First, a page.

Colombia's president dissolved the country's domestic intelligence service, an agency that had become embroiled in scandal during the term of his predecessor.
The functions of the agency, known by the DAS, will be split up among existing ministries.
Today DAS turns 58 years old, and at 58 we are going to liquidate it, President Juan Manuel Santos said in a speech where the announced that he had signed the decree ending the agency.
This is not a transformation, not a reform; the case of DAS is liquidation, DAS is done away with.
In the most recent fallout of the scandals facing the agency, Colombia's Supreme Court of Justice in September sentenced a former DAS chief to 25 years in prison for his connections with paramilitary groups.
Judges ruled that Jorge Noguera gave right-wing military groups lists of union leaders, students and left-wing organizers so they could be executed.
The court also ordered Noguera to pay a 1.9 million dollars fine.
Noguera, who had been appointed by former President Alvaro Uribe, was head of the DAS from 2002 to 2005.
Critics allege that Uribe was behind wiretapping conducted by the DAS while he was president.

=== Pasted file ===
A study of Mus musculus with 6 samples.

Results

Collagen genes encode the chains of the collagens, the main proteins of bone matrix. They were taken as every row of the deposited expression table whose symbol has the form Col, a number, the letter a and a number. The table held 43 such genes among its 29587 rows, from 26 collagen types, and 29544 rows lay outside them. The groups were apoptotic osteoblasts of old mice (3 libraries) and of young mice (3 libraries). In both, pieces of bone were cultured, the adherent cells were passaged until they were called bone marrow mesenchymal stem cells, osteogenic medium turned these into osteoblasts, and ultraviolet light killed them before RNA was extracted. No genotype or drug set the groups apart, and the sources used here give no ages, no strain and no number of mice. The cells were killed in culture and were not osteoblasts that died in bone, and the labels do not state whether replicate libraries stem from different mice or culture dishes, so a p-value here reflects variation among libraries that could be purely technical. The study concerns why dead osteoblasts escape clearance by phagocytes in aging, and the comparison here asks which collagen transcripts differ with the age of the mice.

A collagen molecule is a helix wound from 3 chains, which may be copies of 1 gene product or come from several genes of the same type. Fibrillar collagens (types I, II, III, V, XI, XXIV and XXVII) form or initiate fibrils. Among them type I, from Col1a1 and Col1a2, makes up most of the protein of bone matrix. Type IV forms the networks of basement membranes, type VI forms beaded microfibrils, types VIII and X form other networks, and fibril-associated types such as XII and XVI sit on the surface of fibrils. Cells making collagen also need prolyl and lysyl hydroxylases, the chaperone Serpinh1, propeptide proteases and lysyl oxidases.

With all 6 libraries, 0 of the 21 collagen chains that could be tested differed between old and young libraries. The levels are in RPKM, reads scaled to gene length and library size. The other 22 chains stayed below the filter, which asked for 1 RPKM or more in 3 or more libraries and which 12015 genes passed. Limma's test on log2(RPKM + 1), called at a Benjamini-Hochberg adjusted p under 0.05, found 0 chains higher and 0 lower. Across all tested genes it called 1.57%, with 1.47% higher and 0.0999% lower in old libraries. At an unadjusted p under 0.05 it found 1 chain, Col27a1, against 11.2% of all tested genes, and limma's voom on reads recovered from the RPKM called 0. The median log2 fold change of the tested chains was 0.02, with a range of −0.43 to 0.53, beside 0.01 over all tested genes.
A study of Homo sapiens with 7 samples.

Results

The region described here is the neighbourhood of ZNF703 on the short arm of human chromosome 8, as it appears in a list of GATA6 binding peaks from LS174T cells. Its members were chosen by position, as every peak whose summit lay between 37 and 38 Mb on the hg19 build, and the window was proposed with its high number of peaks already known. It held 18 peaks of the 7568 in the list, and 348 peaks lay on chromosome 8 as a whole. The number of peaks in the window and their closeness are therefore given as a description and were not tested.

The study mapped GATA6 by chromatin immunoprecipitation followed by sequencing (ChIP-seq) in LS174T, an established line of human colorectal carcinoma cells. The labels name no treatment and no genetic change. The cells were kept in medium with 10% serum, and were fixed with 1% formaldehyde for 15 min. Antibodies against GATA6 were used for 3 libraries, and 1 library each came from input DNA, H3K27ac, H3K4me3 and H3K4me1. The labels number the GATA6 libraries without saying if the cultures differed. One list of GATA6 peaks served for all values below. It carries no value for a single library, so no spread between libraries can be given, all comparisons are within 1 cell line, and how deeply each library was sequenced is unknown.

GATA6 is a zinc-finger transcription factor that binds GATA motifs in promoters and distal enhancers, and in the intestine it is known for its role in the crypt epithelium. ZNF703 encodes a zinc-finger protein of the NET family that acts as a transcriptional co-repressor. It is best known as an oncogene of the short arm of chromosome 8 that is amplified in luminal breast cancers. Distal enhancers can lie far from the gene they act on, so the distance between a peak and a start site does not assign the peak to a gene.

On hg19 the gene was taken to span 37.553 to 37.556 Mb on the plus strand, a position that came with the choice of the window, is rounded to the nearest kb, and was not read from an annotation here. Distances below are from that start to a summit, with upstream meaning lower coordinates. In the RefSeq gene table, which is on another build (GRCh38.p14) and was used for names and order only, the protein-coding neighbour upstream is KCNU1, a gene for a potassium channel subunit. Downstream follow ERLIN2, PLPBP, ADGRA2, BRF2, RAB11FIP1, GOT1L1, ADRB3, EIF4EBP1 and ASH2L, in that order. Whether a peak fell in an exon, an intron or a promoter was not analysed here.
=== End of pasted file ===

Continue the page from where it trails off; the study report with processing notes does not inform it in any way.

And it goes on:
Several former officials and staffers of the agency have already been sentenced to serve prison time for wiretapping, which targeted judges, opposition politicians, members of the ruling party and journalists.
Uribe has denied accusations that he ordered the agency to wiretap his political opponents.
During his presidency, however, Uribe did respond to the wiretap scandal by reforming some of the responsibilities that fell to DAS.
In 2009, he removed wiretapping authority from DAS and gave that responsibility to the National Police.
DAS oversaw a variety of authorities, including immigration and domestic security. Those functions will now be in the hands of the Foreign Ministry and the Interior Ministry, respectively, Santos said.